Please note: It is possible that the information shown for future academic years may change due to developments in the relevant academic field. Optional unit availability varies depending on both staffing, student choice and timetabling constraints.

Unit name The Age of the Actress: Eighteenth-Century Performance Practices
Unit code THTR30022
Credit points 20
Level of study H/6
Teaching block(s) Teaching Block 1 (weeks 1 - 12)
Unit director Professor. McGirr
Open unit status Not open
Units you must take before you take this one (pre-requisite units)

none

Units you must take alongside this one (co-requisite units)

none

Units you may not take alongside this one

Faculty Faculty of Arts

Unit Information

The long eighteenth century (1660-1832) was The Age of the Actress. The introduction of actresses to the restored stage in 1660 created new roles for women, from the femmes forts of she-tragedy to the ‘gay romps’ of Restoration sex comedies. Stage business from comedic cross-dressing to comic (and tragic) bed-tricks ensured that actresses were centre stage and women’s plots the main attraction. These new roles were also vehicles for managing and promoting the celebrity of star actresses from Nell Gwyn to Sarah Siddons, who became adept at using their on-stage characters to promote their off-stage celebrity personae, while their celebrity personae inflected and informed interpretation of the roles they played. This course will focus on the power of celebrity actresses to make meaning both on-stage and off. We will use both celebrity studies and eighteenth-century acting techniques to perform celebrity personae and create ‘star turns.’

Your learning on this unit

Students successfully completing this unit will be able to demonstrate:

1. Understanding of the variety of ways – historical, social, ideological – in which theatre and performance engage with, and are shaped by, the culture around them.

2. Specific knowledge of: social and cultural conditions of eighteenth-century theatre, celebrity theory, and the interplay of celebrity persona, dramatic character, and audience reception.

3. Awareness of the relationship between past traditions – especially eighteenth-century acting and early theatrical marketing – and present practice.

4. Critical and historical understanding of the significance of female performers in the development of drama, theatre and celebrity culture.

5. Skills in research, especially gathering, evaluating, sifting and summarising appropriate evidence and ideas, as appropriate to level H.

6. Skills in applying and articulating critical and historical understanding to embodied work as appropriate to level H.

How you will learn

Each week's topic will be brokedn down into deifferent categories: Lecture, Workshop, Discussion and Paractical Seminar. Lectures will be pre-recorded and available via Blackboard on demand. Workshop exercises can all be done independently off-campus and practical seminars, whilst collaborative exercises, are mostly strutured to allow for sequential contributions which can be achieved in an online environment

How you will be assessed

Summative Assessment:

Group Practical Essay & Documentation (100%): A 15-20 minute performance of a scene or pastiche of scenes demonstrating knowledge of and advancing an argument about the interplay between an eighteenth-century actress’s celebrity persona and dramatic role(s). Portfolio Submitted to Blackboard: (1 per group) consisting of:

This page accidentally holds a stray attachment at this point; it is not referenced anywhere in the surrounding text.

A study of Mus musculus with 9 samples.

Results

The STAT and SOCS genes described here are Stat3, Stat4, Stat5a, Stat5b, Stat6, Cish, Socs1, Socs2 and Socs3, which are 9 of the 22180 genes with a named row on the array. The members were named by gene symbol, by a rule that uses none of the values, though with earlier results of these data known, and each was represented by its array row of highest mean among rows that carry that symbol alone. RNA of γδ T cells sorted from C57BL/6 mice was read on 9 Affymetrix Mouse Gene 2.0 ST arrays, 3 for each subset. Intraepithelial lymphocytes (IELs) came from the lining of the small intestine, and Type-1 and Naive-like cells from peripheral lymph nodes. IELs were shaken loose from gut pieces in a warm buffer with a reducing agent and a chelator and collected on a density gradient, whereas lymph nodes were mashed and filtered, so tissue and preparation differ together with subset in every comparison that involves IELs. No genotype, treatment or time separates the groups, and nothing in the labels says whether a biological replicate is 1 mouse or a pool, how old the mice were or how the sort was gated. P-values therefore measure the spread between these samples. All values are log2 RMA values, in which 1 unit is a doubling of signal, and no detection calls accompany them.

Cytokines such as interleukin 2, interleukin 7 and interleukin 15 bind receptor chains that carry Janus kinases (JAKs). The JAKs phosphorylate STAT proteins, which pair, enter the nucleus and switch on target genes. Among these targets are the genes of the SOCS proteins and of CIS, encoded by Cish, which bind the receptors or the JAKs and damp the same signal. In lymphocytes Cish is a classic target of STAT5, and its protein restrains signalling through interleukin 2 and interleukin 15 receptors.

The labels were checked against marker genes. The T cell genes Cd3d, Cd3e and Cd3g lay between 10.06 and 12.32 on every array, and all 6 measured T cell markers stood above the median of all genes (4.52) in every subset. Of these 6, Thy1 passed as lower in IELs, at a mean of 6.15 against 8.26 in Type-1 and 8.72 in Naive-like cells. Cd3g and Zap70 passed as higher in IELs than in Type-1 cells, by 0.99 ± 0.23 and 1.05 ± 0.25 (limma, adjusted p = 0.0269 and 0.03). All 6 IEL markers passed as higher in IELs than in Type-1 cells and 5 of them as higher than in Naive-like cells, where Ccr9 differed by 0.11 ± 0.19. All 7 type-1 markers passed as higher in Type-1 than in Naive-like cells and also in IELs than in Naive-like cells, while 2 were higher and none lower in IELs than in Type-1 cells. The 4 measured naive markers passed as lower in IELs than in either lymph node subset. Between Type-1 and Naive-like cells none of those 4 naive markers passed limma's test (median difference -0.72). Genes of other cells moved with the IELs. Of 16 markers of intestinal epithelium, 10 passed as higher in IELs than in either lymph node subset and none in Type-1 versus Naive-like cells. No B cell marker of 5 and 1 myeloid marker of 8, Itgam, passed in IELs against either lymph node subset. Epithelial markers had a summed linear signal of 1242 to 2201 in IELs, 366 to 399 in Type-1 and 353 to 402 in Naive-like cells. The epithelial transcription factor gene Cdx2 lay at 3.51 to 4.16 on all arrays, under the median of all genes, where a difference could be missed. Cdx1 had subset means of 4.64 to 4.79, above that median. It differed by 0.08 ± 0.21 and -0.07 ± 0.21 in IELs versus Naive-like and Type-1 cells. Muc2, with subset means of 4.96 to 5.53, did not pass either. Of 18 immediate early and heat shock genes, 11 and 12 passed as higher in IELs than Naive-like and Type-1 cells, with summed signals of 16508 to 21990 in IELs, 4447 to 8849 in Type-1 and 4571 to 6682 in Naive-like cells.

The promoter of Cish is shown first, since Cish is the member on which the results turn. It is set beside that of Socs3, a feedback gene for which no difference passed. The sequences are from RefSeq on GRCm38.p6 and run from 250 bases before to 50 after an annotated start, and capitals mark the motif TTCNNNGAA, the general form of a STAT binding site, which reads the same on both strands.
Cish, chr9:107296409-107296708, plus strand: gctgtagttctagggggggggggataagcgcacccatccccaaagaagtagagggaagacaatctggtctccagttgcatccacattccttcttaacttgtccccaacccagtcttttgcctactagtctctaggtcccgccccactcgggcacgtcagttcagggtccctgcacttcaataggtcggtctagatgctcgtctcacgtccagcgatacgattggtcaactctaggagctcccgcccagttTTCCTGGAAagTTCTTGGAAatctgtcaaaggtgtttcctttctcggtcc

• 500-750 word Project Rationale, expanding on the ‘elevator pitch’ presented earlier in the Teaching Block, detailing & explaining the choice of actress, text(s), and argument being made through the performance;
  • an annotated script with detailed stage directions.

NB If pandemic protocols mean that assessments cannot run in person, groups will be asked to submit a plan for performance, which, in addition to the portfolio requirements above, should also include some of the following as appropriate: still and/or video images; blocking plans; design elements; music or other sound effects; additional printed materials such as playbills, performance reviews, correspondence, prompter’s notes.

Formative Assessment:

1) Group oral presentation on performer biography (5 mins, in groups)

2) Draft / rehearsal performance of practical essay for peer and tutor feedback

Resources

If this unit has a Resource List, you will normally find a link to it in the Blackboard area for the unit. Sometimes there will be a separate link for each weekly topic.

If you are unable to access a list through Blackboard, you can also find it via the Resource Lists homepage. Search for the list by the unit name or code (e.g. THTR30022).

How much time the unit requires
Each credit equates to 10 hours of total student input. For example a 20 credit unit will take you 200 hours of study to complete. Your total learning time is made up of contact time, directed learning tasks, independent learning and assessment activity.

See the Faculty workload statement relating to this unit for more information.

Assessment
The Board of Examiners will consider all cases where students have failed or not completed the assessments required for credit. The Board considers each student's outcomes across all the units which contribute to each year's programme of study. If you have self-certificated your absence from an assessment, you will normally be required to complete it the next time it runs (this is usually in the next assessment period).
The Board of Examiners will take into account any extenuating circumstances and operates within the Regulations and Code of Practice for Taught Programmes.